By Julie Lawrence Special to Published Jun 08, 2008 at 5:13 AM

In the late ‘80s, farming in America was experiencing a serious decline. Large corporations were dominating over small, family-owned farms and even agricultural epicenters like rural Wisconsin were feeling the hit.

Out of desperation to ensure economic stability for the future of farming, a handful of Wisconsin farmers pooled their resources to create a cooperative, one with a focus on the group's shared belief that farming should be sustainable and done organically.

In 1988 the Coulee Region Organic Produce Pool (CROPP) was born in LaFarge, Wis. to offer organic produce and dairy, including the country's first organic cheese. Two years later it adopted the name Organic Valley and released the nation's first certified organic butter.

Twenty years later it is the largest farmers' cooperative in North America.

This year the Wisconsin-born Organic Valley celebrates its 20th anniversary and its "family of farms" is 1,239 strong, with members across the country and in Canada and products available at food cooperatives, natural foods stores and supermarkets nation wide.

"The success of Organic Valley proves that organic agriculture can be a lifeline for America's struggling family farms," says George Siemon, a founding farmer of Organic Valley who serves as the cooperative's CEO.

The cooperative has significantly expanded in its two decades in the industry, and now specializes in Organic Prairie meat, juice, gluten-free products, healthy snacks, and soy-based dairy substitutes in addition to its traditional dairy and produce offerings.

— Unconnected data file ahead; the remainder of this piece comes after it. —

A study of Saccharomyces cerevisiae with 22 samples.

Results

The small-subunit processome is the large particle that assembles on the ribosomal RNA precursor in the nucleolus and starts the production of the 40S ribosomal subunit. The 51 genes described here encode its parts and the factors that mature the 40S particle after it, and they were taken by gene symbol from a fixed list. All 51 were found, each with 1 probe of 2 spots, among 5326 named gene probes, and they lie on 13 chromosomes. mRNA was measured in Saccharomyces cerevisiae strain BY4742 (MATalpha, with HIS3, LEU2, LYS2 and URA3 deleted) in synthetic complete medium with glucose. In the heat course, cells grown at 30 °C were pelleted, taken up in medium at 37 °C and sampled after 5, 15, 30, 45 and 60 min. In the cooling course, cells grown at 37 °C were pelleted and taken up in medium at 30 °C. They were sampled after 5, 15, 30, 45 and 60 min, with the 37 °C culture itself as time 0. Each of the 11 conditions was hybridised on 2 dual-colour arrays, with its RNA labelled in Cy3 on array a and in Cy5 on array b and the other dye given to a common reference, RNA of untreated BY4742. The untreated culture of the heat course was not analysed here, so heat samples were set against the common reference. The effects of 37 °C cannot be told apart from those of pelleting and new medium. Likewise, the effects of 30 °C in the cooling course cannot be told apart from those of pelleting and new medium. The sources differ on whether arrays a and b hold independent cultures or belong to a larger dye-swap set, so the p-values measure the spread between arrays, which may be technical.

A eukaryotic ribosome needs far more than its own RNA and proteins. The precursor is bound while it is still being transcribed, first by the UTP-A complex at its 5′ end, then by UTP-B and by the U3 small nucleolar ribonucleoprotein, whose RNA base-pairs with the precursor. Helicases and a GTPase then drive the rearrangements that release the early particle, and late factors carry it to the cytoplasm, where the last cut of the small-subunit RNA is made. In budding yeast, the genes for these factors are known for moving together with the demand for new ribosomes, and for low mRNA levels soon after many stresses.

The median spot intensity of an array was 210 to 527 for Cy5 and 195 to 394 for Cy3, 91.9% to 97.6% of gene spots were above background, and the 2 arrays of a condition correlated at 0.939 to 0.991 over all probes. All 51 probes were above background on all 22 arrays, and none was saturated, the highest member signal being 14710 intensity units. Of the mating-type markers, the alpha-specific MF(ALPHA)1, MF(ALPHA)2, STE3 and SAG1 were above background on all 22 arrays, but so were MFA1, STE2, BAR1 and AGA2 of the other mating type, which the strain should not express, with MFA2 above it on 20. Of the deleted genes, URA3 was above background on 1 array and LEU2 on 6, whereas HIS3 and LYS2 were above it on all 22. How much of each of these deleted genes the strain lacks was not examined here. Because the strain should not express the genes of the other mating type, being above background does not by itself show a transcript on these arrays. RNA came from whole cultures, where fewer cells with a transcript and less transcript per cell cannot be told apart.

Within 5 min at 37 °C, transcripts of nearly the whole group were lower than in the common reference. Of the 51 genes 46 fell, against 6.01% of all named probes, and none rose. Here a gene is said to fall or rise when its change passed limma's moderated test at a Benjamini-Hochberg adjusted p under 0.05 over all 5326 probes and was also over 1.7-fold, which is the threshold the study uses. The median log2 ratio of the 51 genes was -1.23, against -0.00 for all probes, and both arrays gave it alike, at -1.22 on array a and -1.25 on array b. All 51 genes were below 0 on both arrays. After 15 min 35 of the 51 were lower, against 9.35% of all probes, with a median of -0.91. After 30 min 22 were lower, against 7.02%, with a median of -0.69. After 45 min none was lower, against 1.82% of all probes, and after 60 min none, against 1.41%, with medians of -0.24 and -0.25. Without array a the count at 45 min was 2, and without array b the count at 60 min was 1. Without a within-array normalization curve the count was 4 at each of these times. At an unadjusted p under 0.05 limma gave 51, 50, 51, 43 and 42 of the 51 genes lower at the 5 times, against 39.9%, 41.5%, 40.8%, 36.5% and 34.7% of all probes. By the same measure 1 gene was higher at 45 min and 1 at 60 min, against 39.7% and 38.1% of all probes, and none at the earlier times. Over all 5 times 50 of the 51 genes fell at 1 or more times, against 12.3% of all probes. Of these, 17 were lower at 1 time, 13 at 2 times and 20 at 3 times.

"We remained confident because we had partners along the way who shared our vision and helped assume our risk: regional distribution coordinators, natural food co-op grocers, supermarket managers, our dedicated staff, citizen partners who chose and still choose organic foods, and-today now more than ever-a new generation of organic farmers seeking to carry this tradition onward," Siemon says.

In 2004 the coop opened a $5.9 million "green" construction headquarters in LaFarge that incorporated energy efficient practices such as cool day lighting, which maximizes natural light while minimizing heat, and solar powered lighting. Much of it building material was recycled or locally sourced and from rapidly renewable resources. The company even enacted its own alternative transportation system, the "Green Bike Program," that supplies used bikes -- painted green for identification -- for getting to, from and around the farm.

Organic Valley remains an environmental leader is celebrating, in part, this summer with the 5th annual Kickapoo Country Fair, Saturday and Sunday, July 26-27. Located on the grounds of Organic Valley's headquarters in the Kickapoo River Valley, the fest features organic farm tours, farmers and farm animals, sustainability workshops, hiking, Butter Churn Bike Tour, food and artisan vendors, not-for-profit exhibitors, family "farm-friendly" activities, all-day music and entertainment, and dancing.



Julie Lawrence Special to staff writer Julie Lawrence grew up in Wauwatosa and has lived her whole life in the Milwaukee area.

As any “word nerd” can attest, you never know when inspiration will strike, so from a very early age Julie has rarely been seen sans pen and little notebook. At the University of Wisconsin-Milwaukee it seemed only natural that she major in journalism. When offered her an avenue to combine her writing and the city she knows and loves in late 2004, she knew it was meant to be. Around the office, she answers to a plethora of nicknames, including “Lar,” (short for “Larry,” which is short for “Lawrence”) as well as the mysteriously-sourced “Bill Murray.”